Digital Life

1 Year Later, Iran's Opposition Still Relies On Internet

1 Year Later, Iran's Opposition Still Relies On Internet

  • Transcript

Social media have played an important role for the political opposition in Iran. After last year's disputed presidential election, powerful cell phone videos of the brutal crackdown on demonstrators appeared on the Internet. Cameran Ashraf of talks to Deborah Amos about how social media brings attention to the events that are censored in Iran.


The Internet has played an important role for the political opposition in Iran. A year ago, Mahmoud Ahmadinejad was re-elected president of Iran in a landslide vote. That sparked charges of fraud, massive demonstrations by the opposition -the Green Movement - and powerful cell phone videos, uploaded worldwide, of a brutal crackdown that followed. was born in the aftermath of the disputed elections to help Iran's opposition to take their protest online. It's a U.S.-based group of activists who support the Green Movement as it prepares for the one-year anniversary of the elections. Its co-founder, Cameran Ashraf, joins us from Los Angeles, California.

Welcome to the program.

Mr. CAMERAN ASHRAF ( Hi, nice to be here.

AMOS: How long have you been preparing for the one-year anniversary of the elections?

Mr. ASHRAF: Since last year.

(Soundbite of laughter)

AMOS: And how have you been preparing?

Mr. ASHRAF: We have been extremely successful in getting people to come help us, in getting people to volunteer, in hiring staff to be there to support these people. They understand the importance of this. They understand that we can't be there in the street with people, that we can't stand next to them; we can't hug them when they're getting beaten. But we can be online to talk with them when their friends have been arrested. We can be there online to tell them how to protect themselves. We can give them an element of feeling safe. If they can't feel safe physically, at least they can feel safe for a few minutes when they're online.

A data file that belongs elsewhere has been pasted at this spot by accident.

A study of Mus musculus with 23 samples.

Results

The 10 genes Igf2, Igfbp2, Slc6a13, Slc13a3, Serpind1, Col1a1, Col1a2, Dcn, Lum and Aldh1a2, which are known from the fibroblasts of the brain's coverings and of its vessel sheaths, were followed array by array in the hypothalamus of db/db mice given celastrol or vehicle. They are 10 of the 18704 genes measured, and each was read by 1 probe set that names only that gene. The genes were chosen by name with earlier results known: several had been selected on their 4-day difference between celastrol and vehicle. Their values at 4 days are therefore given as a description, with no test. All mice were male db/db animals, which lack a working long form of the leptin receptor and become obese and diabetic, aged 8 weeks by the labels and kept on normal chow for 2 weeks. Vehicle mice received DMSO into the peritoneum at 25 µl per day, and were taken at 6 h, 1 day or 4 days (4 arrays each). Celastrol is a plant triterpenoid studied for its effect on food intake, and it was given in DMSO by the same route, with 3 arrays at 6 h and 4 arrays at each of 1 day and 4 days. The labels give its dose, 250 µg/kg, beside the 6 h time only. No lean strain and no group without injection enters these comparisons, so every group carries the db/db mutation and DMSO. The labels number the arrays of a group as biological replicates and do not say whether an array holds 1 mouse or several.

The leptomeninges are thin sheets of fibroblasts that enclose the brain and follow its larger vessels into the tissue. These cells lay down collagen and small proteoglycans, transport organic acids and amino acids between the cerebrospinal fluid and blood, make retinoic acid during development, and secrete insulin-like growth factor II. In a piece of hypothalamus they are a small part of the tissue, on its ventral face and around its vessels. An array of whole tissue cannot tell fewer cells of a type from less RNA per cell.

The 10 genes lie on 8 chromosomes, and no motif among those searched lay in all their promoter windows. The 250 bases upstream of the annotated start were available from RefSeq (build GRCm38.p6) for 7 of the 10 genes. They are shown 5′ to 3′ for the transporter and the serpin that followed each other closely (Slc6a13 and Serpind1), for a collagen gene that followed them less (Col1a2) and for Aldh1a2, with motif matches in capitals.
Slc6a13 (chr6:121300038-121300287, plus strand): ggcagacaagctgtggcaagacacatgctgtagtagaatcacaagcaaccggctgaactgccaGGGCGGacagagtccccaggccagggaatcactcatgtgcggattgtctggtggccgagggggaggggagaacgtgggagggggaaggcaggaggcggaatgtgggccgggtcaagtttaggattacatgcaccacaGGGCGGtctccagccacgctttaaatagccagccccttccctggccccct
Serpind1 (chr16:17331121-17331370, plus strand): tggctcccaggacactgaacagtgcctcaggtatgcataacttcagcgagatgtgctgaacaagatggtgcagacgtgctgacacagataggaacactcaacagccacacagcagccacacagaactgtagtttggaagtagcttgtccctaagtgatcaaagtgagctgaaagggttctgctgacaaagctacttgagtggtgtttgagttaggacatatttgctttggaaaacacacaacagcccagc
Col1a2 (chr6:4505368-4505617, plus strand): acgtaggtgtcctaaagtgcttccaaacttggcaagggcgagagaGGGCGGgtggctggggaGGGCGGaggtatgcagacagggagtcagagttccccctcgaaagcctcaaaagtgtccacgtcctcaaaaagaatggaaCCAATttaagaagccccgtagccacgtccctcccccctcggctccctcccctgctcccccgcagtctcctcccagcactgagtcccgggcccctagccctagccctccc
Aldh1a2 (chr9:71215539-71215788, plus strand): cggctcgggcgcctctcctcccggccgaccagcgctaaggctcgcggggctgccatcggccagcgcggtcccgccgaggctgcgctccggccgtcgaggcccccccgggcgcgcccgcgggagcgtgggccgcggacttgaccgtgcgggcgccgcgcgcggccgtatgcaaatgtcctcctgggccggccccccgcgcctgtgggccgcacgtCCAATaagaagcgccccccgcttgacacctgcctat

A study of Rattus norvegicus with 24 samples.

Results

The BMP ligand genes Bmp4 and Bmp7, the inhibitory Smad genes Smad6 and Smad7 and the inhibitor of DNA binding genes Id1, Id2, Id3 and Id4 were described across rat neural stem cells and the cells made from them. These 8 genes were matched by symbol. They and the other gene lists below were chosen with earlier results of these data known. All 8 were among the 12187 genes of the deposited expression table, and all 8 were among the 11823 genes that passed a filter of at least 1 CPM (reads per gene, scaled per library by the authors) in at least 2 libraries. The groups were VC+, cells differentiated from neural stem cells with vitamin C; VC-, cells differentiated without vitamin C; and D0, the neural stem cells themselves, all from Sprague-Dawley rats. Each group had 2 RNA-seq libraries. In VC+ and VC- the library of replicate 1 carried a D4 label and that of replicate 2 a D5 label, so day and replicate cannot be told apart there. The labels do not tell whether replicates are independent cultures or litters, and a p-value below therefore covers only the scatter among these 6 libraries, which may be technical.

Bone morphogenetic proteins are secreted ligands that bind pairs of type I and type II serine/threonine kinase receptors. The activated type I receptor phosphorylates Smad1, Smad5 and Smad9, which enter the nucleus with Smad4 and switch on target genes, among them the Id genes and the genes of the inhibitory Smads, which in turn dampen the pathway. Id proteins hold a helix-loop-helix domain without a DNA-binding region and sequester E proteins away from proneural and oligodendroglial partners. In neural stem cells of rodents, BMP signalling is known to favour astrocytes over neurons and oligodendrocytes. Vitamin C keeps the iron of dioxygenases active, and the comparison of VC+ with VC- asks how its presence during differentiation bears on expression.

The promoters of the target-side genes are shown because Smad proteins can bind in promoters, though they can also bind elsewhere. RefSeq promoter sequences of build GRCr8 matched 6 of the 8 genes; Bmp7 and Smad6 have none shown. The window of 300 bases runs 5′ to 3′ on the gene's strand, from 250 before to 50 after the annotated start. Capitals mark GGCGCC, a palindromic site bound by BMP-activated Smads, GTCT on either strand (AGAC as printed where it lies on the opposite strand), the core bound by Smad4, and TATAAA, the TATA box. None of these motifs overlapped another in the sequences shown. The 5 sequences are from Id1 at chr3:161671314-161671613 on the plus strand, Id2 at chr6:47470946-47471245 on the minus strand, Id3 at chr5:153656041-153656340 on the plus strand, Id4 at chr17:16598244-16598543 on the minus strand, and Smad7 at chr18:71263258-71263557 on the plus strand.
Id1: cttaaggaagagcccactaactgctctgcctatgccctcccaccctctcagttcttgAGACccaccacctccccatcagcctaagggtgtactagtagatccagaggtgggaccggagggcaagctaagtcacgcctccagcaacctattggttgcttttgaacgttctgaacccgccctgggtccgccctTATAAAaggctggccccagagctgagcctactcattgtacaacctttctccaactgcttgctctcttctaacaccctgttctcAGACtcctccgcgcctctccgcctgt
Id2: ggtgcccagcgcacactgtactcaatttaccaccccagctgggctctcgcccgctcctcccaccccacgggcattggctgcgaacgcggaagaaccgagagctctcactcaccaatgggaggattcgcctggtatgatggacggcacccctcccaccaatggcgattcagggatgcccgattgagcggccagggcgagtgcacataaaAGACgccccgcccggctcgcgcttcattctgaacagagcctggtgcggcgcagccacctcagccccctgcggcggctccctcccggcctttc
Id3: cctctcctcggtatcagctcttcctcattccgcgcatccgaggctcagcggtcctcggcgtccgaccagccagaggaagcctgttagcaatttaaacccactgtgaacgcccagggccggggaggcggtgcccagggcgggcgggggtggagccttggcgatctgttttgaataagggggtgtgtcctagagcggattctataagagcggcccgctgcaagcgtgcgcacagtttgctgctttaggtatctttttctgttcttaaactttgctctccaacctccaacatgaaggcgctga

AMOS: Have you noticed, over the last year, that there has been a learning curve? I have read that there is something called cyber Jihad - that Iran's revolutionary guards also have a program to counter what youre doing.

Mr. ASHRAF: Absolutely, they do. In fact, weve seen it with their propaganda that they have put out sometimes. And we can see it spread throughout their own blog network. They're supposed to be independent, but which are - actually just parrot the regime's party line.

AMOS: And is either side winning?

Mr. ASHRAF: The way it works online is, you have periods when the regime has been extremely active, when they have hacked opposition websites, when they have this put out this information; and that would be marked as, you know, a victory at that moment. But then the Green Movement comes back with posters, videos, and just floods the Internet with images of what's really happened - of the truth. So, online I would say overall, the balance of power seems to be with the opposition, with the Green Movement.

AMOS: There are a fair amount of regime supporters in Iran. And I have read that they are using things like crowd-sourcing, putting up pictures of people in protests, and letting anyone who is a regime supporter tell them who is that person.

Mr. ASHRAF: In fact, they use the Western media's photographs, too, of protesters, that were smuggled out or were taken by reporters before the media crackdown occurred. And they would just go through, for instance, CNN or The Guardian, find these pictures, put them up on websites and crowd-source it. But what's been interesting is that the opposition, the Green Movement, has done the exact same thing.

Theyve taken pictures of police forces, of plainclothes police officers, security forces; theyve put them up online and had Green Movement people identify these people - including their home addresses, telephone numbers, and stuff like that. So, were seeing the Internet level the playing field in that regard.

AMOS: Over the past year, the Iranian government has been very effective in shutting down most of the street protests in the country. There seems to be another struggle going on, and that's the one in cyber space. Do you feel like youre on the front lines of another kind of struggle with the Iranian government?

Mr. ASHRAF: The front line is now online, because the regime will arrest people and then go through their contacts on Facebook, go through their contacts in Gmail, and find additional people to arrest. So you have this aspect where those contacts were not online, then online would not be a front line as well.

AMOS: Do you have some respect for how far the regime has come in understanding that the Internet is a way to organize the opposition and their efforts to actually try to shut it down?

Mr. ASHRAF: Absolutely. There's a saying my father would always say: Always believe your opponent is smarter and stronger than you. And that's been the approach, you know, because many of us are Iranians, so that was kind of how we were raised with this attitude, so we have come in with that approach, understanding that they have unlimited resources. So we have always respected their ability to do this stuff, and view them - we assume everything is compromised and we assume they know everything, and that's from where we start.

AMOS: Thank you very much.

Mr. ASHRAF: Oh, thank you so much.

AMOS: Cameran Ashraf is the co-founder of, and he teaches at California State Polytechnic University.